Pride in the Park Brings Community Together, Creates Friendships
Attendees say it's a welcoming, judgement-free place
FARGO, N.D. — It’s described as a welcoming and open place where everyone can be themselves.
For one group of friends, Pride in the Park was a way to instantly connect.
Maxwell Dirks went for the first time, and he says it’s everything he expected and more.
He credits friends he’s met throughout his life with helping him find himself.
“When I was in middle school I was extremely homophobic and transphobic because that’s all I had ever been exposed to. My queer friends, who had so much patience… it’s taken me years and a lot of learning but I know who I am now,” he said.
Now at Pride, people say they can totally be themselves.
“It makes me feel so accepted, it makes me feel like I don’t have to be afraid of my own community,” Tobi Ochocki said.
They say Pride is totally judgement free.
“When I come here in these costumes people don’t judge me at all. They aren’t like, ‘you’re wearing a wig.’ They’re like, ‘oh my God, I love it,'” Bee Hutt said.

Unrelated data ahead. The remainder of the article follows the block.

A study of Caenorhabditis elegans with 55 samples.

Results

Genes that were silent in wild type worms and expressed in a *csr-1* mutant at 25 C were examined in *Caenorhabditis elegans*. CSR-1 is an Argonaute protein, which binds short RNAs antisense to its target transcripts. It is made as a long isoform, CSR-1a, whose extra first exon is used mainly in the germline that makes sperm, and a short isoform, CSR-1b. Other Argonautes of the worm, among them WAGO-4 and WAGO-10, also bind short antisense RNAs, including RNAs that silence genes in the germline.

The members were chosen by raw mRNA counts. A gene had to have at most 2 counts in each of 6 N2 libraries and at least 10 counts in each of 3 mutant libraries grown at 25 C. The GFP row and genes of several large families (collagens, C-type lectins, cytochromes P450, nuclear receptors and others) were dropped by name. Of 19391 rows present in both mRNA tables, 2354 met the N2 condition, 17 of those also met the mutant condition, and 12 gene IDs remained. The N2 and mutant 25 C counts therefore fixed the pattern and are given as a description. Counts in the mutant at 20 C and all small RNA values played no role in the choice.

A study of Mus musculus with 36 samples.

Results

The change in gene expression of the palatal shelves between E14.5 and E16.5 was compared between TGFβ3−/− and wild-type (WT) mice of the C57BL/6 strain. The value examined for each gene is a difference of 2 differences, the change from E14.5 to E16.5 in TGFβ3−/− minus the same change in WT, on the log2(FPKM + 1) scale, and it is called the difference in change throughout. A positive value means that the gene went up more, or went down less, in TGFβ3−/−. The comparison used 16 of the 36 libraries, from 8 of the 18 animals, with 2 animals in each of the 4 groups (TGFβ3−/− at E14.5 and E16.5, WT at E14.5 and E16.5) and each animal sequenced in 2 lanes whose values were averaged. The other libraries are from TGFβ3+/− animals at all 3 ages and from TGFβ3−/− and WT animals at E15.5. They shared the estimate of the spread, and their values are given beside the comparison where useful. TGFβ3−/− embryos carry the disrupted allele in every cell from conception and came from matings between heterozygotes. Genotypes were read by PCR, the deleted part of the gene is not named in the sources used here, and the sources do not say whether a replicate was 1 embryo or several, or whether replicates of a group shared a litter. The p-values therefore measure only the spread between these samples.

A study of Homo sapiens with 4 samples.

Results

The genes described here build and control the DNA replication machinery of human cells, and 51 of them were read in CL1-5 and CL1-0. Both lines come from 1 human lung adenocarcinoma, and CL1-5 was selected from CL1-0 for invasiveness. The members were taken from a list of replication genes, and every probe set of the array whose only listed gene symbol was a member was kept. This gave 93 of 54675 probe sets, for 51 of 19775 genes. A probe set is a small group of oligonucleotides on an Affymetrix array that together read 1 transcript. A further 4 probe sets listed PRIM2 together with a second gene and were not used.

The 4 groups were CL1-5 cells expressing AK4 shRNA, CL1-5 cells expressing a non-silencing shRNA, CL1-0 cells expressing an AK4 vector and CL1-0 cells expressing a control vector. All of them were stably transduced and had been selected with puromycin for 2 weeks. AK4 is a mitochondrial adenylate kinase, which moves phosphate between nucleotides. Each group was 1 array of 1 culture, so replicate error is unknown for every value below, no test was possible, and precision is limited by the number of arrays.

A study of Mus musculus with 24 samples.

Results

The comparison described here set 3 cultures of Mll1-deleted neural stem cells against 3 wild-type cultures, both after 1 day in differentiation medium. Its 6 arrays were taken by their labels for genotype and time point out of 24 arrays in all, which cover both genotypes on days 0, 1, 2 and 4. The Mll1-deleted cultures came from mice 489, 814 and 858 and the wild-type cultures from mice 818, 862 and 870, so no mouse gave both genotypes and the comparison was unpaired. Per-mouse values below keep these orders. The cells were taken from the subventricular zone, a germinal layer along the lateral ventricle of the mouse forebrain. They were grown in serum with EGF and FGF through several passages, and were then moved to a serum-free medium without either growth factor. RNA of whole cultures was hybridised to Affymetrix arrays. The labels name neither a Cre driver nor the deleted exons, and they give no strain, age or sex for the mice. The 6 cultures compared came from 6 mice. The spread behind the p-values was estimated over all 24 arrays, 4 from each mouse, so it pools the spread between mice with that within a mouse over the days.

“It’s just an amazing place to love yourself, love other people, be creative, love yourself, be you in the most you–est way you can. Don’t be afraid of it,” Dirks said.
Dirks, Ochocki, and Hutt actually only met today.
“In my personal experience, you want to hold on to those friends tightly and immediately because for a good part of my life I didn’t have gay friends who could be so accepting of me, so when I find people who are I really try to hold on to them immediately,” Ochocki said.
“When you see someone who’s like you, you click so quickly because you’re on the same wavelength. You know you won’t have to awkwardly come out, or explain anything, or get asked anything intrusive or uncomfortable question, you just go, ‘hey I know what you’re talking about,'” Dirks said.
“I really hope we stay friends for awhile,” Ochocki said.
The Pride Parade will be tomorrow at 2 p.m. It starts at the Moorhead Center Mall and goes to the Fargo Civic Center.